AAPG Bulletin


Volume: 63 (1979)

Issue: 3. (March)

First Page: 461

Last Page: 461

Title: Exploration Potential of Pennsylvanian-Permian Carbonate-Shelf Margins and Deltaic Sandstones, Palo Duro Basin, Texas: ABSTRACT

Author(s): C. Robertson Handford, Shirley P. Dutton

Article Type: Meeting abstract


Potential hydrocarbon reservoirs occur in Pennsylvanian and Lower Permian (Wolfcampian) carbonate-shelf margins, fan-delta arkosic sandstones, and deltaic sandstones in the Palo Duro basin. Thick basinal shales, which are stratigraphically equivalent to shelf carbonate rocks and sandstones, may have served as hydrocarbon source beds, although present thermal gradients are inadequate for liquid hydrocarbon generation.

During the Pennsylvanian, a carbonate-shelf-margin complex with 200 to 400 ft (60 to 120 m) of depositional relief developed around a narrow embayment that opened southward into the Midland basin. The position of local shelf margins shifted through time. Following initial construction, shelf margins retreated shelfward throughout Pennsylvanian and earliest Permian time. During later Wolfcampian, shelves prograded westward and southward into the basin, filling it by late Wolfcampian time.

Potential hydrocarbon reservoirs are thick zones of secondary porous dolomite within the shelf-margin complex. Dolomite porosity is commonly greater than 10%. The distribution of porous dolomite along shelf margins may indicate dolomitization was related to (1) early postdepositional, mixing-zone diagenesis in islands present along the shelf margin, or (2) dewatering of basinal shale, leading to montmorillonite-illite conversion and release of magnesium during burial diagenesis.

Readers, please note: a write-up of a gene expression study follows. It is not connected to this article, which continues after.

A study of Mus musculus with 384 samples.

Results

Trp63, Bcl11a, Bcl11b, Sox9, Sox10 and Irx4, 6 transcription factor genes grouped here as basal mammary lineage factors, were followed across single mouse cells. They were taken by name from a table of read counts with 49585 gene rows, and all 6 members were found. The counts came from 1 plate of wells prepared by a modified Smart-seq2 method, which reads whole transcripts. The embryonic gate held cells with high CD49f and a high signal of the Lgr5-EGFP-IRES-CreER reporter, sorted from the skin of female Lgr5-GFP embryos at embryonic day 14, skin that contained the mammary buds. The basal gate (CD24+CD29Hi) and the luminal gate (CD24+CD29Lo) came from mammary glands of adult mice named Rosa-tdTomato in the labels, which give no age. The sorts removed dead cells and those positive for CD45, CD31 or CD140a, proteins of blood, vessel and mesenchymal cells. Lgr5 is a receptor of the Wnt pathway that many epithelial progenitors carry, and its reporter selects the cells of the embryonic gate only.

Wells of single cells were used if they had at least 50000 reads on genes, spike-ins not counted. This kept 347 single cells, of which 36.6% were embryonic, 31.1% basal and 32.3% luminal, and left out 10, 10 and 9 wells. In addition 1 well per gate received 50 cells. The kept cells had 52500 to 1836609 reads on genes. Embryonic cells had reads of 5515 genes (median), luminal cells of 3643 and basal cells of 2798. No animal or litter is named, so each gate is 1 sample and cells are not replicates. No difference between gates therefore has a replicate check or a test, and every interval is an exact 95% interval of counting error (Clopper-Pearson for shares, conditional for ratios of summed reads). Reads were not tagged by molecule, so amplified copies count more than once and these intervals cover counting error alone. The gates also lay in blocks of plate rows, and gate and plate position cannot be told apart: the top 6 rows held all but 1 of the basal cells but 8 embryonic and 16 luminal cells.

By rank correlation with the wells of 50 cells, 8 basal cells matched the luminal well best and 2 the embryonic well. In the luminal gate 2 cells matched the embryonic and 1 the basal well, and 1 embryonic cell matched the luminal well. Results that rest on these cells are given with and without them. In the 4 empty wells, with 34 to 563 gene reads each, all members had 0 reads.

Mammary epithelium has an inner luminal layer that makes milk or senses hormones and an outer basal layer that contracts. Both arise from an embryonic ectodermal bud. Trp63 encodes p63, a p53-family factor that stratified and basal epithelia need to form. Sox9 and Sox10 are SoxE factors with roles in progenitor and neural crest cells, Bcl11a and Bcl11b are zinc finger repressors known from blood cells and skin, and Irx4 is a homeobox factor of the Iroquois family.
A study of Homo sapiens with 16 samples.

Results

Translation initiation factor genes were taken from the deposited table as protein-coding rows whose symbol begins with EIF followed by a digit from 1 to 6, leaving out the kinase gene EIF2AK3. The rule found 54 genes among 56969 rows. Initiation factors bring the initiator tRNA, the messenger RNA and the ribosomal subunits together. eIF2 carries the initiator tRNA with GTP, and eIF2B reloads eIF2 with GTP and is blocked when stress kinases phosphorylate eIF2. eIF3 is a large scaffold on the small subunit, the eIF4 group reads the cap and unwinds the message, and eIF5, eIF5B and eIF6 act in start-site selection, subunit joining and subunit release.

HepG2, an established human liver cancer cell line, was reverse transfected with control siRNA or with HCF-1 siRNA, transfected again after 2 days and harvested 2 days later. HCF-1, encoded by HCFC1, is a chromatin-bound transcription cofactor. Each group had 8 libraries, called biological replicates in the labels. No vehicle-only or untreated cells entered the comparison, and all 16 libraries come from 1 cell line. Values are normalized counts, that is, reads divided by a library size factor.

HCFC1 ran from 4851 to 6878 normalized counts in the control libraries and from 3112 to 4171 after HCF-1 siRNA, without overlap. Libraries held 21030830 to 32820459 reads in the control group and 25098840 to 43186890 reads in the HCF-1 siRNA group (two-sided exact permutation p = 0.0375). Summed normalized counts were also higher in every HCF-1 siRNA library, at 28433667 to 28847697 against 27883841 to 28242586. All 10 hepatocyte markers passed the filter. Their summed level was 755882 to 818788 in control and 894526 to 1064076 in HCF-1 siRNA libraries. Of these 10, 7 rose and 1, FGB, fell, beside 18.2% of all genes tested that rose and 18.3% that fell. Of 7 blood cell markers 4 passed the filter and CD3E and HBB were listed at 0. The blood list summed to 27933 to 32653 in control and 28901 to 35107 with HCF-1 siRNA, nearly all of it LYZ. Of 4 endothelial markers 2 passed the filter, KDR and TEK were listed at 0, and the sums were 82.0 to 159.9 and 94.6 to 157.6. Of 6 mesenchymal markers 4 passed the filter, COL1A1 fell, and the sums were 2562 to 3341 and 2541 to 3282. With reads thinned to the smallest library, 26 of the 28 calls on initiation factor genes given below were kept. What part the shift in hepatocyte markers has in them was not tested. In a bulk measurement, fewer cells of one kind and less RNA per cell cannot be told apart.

Pennsylvanian and Permian fan-delta deposits of arkosic sandstone (granite wash) shed off the Amarillo uplift are potential clastic reservoirs. Production occurs from stratigraphically equivalent, granite wash deposits on the northern side of the uplift in the Anadarko basin. Porosity in granite wash sandstones averages 15%.

Pennsylvanian quartzose sandstones are also interbedded with thick sequences of basinal shale, suggesting that the sand entered the basin through passes in the shelf margin. Geometry of sandstone bodies suggests deposition as distributary-mouth-bar fingers of high-constructive elongate deltas. Porosity in these sandstones reaches 18%.